Beery Scotch Eggs

Beery Scotch Eggs

Served either as a snack or a meal itself, there is something rather wonderful about cutting open a well made Scotch Egg and watching the runny yolk make a break for freedom, and this one is even better as they are Beery Scotch Eggs. Feel free to muck about with this recipe as much as you like (but keep the beer!). If you don’t like Black Pudding, no problem, just substitute it for more sausage meat. Fancy a bit of spice? Pop in some Chorizo or smoked Toulouse Sausage. Vegetarian? Use a Falafel mixture instead. The choice is yours!

Serves 2


  • 3 Medium Eggs at room temperature
  • 1/2 Medium Onion (50g) Very finely chopped
  • 1/2 Teaspoon Chilli flakes
  • 1/2 Tablespoon Each of finely chopped Thyme, Sage, Parsley and Mint
  • 1 Teaspoon finely ground Black Pepper
  • Small knob of unsalted butter
  • 1 litre grapeseed or groundnut oil, plus a little extra for greasing
  • 50g (2oz) Black Pudding at room temperature, finely chopped
  • 100g (3.5oz) Sausage meat at room temperature
  • 100ml (3.5 fl oz) Ten Fifty Ale (there’s 500ml in a bottle so you can drink the rest)
  • 2 tablespoons milk
  • 50g (2oz) Plain flour
  • 100g Panko Breadcrumbs
  • Beer Mustard to serve (Try this recipe from Rosie Makes Jam, its the best)


Put on a saucepan of salted water to boil and fill a large bowl with cold water and put ice cubes in it.

Place two of the eggs in the boiling water for 4 1/2 minutes, remove with a slotted spoon and put straight into the iced water.

Gently fry the onion, pepper, chilli and herbs in the butter over a low heat for about 7-8 minutes until softened. Keep the heat low so the onions don’t burn. Once cooked place the onion and herb mixture in a bowl lined with paper towel and pop it in the freezer for ten minutes to cool down.

Once cooled take it out of the freezer and remove the paper towels. Rub your hands with a little oil and squidge the black pudding and sausage meat together (if you have kids they will love this bit so get them to help you), along with the onion mix. Slowly add the beer a splash at a time, you may not need all of it, making sure you don’t make the paste too sloppy and that there are still small chunks of black pudding. Pop the whole bowl into the freezer for around 20 minutes to infuse and firm up.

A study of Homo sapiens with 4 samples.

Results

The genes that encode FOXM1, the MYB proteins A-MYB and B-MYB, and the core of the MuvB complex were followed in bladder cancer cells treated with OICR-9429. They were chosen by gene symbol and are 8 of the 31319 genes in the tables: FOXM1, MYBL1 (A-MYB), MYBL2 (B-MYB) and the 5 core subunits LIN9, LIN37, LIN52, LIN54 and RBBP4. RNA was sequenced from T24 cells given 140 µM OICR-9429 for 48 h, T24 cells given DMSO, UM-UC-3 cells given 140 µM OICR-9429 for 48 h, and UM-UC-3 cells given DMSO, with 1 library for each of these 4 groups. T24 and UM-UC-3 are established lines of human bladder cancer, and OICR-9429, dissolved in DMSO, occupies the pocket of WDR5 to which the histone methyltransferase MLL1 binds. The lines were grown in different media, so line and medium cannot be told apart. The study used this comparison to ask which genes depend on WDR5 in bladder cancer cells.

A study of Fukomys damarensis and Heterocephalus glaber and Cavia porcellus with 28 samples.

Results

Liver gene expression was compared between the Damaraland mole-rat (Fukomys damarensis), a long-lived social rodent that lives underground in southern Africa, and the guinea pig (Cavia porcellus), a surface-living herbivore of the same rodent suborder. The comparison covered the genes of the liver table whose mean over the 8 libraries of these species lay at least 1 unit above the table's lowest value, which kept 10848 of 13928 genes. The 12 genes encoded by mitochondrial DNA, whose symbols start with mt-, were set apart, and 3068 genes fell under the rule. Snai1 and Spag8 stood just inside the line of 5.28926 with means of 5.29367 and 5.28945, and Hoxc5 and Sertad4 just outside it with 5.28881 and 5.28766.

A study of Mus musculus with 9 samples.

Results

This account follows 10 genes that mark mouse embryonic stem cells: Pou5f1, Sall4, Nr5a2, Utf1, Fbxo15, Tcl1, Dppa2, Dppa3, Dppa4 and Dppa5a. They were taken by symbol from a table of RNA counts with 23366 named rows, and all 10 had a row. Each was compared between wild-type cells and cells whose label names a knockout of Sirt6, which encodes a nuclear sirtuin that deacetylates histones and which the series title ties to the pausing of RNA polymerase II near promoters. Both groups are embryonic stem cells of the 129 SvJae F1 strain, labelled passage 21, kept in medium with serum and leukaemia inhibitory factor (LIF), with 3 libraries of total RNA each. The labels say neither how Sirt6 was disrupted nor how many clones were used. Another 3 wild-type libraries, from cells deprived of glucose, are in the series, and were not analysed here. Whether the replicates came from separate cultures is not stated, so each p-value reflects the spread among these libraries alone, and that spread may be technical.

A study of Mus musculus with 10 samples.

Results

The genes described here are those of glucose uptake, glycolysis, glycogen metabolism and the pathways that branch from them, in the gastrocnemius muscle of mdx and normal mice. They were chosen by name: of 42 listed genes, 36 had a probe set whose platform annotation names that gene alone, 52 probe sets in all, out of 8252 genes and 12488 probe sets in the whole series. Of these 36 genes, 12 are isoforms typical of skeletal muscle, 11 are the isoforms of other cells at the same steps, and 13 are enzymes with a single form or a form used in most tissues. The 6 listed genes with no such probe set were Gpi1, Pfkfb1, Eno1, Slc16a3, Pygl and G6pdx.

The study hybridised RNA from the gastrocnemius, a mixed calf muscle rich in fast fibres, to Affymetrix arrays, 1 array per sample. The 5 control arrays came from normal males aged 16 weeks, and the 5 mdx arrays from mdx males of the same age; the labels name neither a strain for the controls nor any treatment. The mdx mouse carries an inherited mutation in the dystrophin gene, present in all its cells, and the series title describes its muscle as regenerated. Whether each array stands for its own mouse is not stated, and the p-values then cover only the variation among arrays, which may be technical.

Peel the now chilled boiled eggs.

Whisk together the remaining egg and the milk and pour into a medium-sized shallow bowl, and put the flour and breadcrumbs onto two separate plates.

Take a 30cm piece of clingfilm, lightly oil it then place half of the meat mixture on it. Lightly flour one of the peeled eggs and place it in the centre of the meat mixture. Next, using the clingfilm, very gently mould the mixture around the egg, twisting the clingfilm closed once you’re done.

Repeat with the other egg and pop them back in the freezer for another ten minutes to firm up again.

Heat the oil in a large pan or deep fat fryer if you have one, to 170 Celsius.

Remove the eggs from the freezer, unwrap them and roll them in the flour, then the egg/milk mixture and finally the breadcrumbs. Repeat this again at least once more for each egg.

Using a slotted metal spoon, carefully lower the eggs into the hot oil and fry for about 8 minutes, turning occasionally until golden brown and the internal temperature of the meat is 69 Celsius. The eggs will continue to cook once removed. Be careful not to probe too deep with your thermometer and pierce the egg…

Finally place the eggs on paper towels to drain and slightly cool. To serve, cut in half and accompany with your sauce of choice – Do try Rosie’s Easy Mustard as it continues the beer theme, but will leave you with less to drink!